April 17, 2013

I’ve been reading the Ruth Fielding series to my daughter, and I’ve been surprised by several turns of phrase that sound Russian to me, though they aren’t. The books we’ve gotten to came out between 1913 and 1917, and where I would say “car,” “carriage,” and “between a rock and a hard place,” the author writes “machine,” “equipage,” and “between two fires.” I imagine these usages were borrowed from French into both English and Russian (in one case via German); машина, экипаж, and меж(ду) двух огней sound like they should be pan-European, but evidently they would have been even more familiar to Americans a hundred years ago. No one used “physiognomy” as a synonym for “face” even then, though, unlike физиономия. (Well, the Ngram says someone said “physiognomy,” but I sure don’t come across it often.)

  1. April 18, 2013 8:24 am

    They didn’t bother saying “physiognomy” because they quickly shortened it to “phiz,” which was extremely common back then.

    • April 18, 2013 9:21 am

      I’ll watch out for that one. What register/social group was it common in? A quick search suggests it’s not in Ruth Fielding, and a quick Ngram says “phiz,” “phis,” and “phyz” are rare (in this subset of written English), while “phys” caught up to a declining “physiognomy” around 1950, and even that seems to have been as an abbreviation for “physical,” “physics,” or “physician.”

      • April 18, 2013 4:45 pm

        Oh, I’m not talking about Ruth Fielding (whom I’ve never read), just going on a general sense of the slang usage of the day. It certainly wasn’t used in Fine Literature, but I’m not enough of an expert to say… wait, I can check the OED! Wow, it goes back much further than I imagined (and there’s a cheeky outlier in 1997!):

        colloq. Now somewhat arch.

        A face or facial expression; countenance.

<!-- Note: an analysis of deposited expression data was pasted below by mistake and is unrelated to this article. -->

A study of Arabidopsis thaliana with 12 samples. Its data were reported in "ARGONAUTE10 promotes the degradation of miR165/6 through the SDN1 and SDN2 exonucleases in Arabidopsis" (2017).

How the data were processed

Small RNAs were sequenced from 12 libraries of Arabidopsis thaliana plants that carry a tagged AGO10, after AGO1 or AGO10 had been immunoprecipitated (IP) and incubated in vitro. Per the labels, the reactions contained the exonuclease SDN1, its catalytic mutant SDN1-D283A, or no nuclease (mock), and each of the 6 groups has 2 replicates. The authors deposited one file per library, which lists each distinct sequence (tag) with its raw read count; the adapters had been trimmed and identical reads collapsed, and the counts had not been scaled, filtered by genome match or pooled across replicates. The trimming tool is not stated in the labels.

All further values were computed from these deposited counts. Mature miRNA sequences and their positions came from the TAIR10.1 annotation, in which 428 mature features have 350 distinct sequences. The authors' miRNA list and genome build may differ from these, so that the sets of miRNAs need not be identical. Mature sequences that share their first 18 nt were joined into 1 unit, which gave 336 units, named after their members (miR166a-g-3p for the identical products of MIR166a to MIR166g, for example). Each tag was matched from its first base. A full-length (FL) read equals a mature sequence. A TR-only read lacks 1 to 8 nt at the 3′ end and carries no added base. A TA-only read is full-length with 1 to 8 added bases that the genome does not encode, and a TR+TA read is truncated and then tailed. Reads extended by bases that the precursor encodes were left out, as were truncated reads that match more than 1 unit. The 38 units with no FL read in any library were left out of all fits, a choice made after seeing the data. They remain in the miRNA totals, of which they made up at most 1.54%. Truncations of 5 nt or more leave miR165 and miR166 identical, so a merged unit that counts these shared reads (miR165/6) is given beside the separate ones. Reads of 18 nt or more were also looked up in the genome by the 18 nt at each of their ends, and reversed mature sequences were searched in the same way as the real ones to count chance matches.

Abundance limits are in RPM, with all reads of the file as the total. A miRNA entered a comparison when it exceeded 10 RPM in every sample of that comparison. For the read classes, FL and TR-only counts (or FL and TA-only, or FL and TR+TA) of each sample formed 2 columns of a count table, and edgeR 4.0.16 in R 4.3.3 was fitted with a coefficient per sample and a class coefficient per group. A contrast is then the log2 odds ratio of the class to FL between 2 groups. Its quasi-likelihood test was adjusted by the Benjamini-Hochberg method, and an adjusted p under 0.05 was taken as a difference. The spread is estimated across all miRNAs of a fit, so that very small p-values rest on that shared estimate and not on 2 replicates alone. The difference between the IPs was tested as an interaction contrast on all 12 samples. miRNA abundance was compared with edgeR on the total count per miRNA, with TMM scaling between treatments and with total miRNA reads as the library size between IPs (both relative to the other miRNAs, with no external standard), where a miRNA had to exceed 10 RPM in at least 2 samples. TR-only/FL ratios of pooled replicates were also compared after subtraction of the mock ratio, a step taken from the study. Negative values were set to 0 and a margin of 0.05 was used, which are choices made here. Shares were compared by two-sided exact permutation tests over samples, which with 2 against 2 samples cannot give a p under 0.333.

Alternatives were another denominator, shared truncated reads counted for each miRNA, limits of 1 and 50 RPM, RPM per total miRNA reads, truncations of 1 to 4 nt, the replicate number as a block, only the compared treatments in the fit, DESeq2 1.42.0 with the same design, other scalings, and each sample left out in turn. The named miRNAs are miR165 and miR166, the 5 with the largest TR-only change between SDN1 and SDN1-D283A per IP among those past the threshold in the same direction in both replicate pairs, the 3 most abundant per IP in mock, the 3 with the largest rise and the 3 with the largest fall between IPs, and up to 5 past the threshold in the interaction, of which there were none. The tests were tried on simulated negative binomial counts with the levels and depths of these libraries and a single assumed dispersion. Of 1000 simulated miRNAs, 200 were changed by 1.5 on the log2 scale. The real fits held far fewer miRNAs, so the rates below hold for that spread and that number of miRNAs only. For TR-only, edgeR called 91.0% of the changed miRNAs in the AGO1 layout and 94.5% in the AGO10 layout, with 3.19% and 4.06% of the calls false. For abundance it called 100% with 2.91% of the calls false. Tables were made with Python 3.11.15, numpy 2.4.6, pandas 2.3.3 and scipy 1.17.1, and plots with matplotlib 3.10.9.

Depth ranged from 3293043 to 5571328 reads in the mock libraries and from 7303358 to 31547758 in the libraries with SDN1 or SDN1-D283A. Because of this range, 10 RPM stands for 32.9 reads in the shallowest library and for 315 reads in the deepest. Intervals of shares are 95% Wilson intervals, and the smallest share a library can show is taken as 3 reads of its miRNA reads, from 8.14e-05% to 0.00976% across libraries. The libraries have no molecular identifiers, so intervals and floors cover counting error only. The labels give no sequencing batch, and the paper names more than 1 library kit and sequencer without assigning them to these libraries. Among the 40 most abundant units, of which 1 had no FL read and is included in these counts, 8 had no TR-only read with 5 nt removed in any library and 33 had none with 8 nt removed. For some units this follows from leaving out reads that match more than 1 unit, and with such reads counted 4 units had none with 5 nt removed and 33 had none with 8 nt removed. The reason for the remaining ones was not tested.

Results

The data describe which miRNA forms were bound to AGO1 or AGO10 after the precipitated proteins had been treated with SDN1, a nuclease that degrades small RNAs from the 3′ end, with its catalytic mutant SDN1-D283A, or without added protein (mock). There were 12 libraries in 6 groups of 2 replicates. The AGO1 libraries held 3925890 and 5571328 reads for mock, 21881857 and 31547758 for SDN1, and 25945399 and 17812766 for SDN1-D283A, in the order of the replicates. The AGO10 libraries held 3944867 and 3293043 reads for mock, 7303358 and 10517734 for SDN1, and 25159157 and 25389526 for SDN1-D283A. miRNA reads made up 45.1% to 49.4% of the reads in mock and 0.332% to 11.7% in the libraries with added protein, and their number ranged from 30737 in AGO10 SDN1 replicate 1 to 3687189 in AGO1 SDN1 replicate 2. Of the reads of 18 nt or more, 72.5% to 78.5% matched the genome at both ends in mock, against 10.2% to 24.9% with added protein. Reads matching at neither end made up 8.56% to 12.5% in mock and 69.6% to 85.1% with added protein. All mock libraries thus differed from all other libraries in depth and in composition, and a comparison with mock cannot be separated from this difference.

1687 H. Higden Mod. Ess. 10th Satyr Juvenal 27 Oh had you then his Figure seen, With what a rueful Phis and meine.
        1688 T. Shadwell Squire of Alsatia v. i. 71 Indeed your Magnanimous Phyz is samewhat disfigur’d by it, Captain.
        1714 R. A. Hunter Monoropolis iii. iv. 26 Fizle’s Phiz always gives me the Chollick.
        1763 C. Churchill Ghost iv. 155 Savour’d in talk, in dress, and phyz, More of another World than this.
        1774 G. Morris in J. Sparks Life G. Morris (1832) I. 21 Grave phizes are grinned out of countenance.
        1825 N.Y. Literary Gaz. 1 Oct. 57/1 It is a sensible, commanding, and respectable nose..such as you see on the phizzes of our old-fashioned gentry.
        1827 R. Cobbold Valentine Verses 217 Such (shall I call them gentlemen?) there are,..who strut and quiz, And deem themselves of admirable fiz.
        1869 W. S. Gilbert Bab Ballads 25 And her painted, tainted phiz.
        1903 H. Keller Story of my Life i. xxii. 85 He has a long pedigree, a crooked tail, and the drollest ‘phiz’ in dogdom.
        1936 J. C. Powys Maiden Castle (1937) ii. 70 Us wants the scut of ‘ee; that’s what us wants, and never to see your ugly phyz no more!
        1997 Entertainm. Weekly 11 July 42/1 He endures some surgical magic to have his face temporarily removed, replaced with the phiz of his supposedly brain-dead nemesis.

  2. April 18, 2013 4:46 pm

    Hmm, I should have used the general comment form rather than replying to your comment — that’s awful squished. Sorry.

  3. April 18, 2013 9:01 pm

    Thanks for that! I saw in Merriam-Webster that “phiz” was old (they claim 1685, but without the lovely examples), and I never doubted you that it existed. I’m still skeptical on “extremely common” – the OED makes me suspect it peaked before the nineteenth century (quotation marks in 1903, highly marked speech in 1936, Gilbert in 1869 versus translations of the classics and what looks like ordinary dialogue in 1687-1714). As I’m sure you’ve guessed, my hobbyhorse is that физиономия is used more often, in more contexts, by more people, through a later point in history, so it’s often misguided to translate it with “physiognomy” or even “phiz.” OTOH “colloq. Now somewhat arch.” exactly mirrors Russian dictionaries and practice, so maybe I just haven’t read widely enough in English.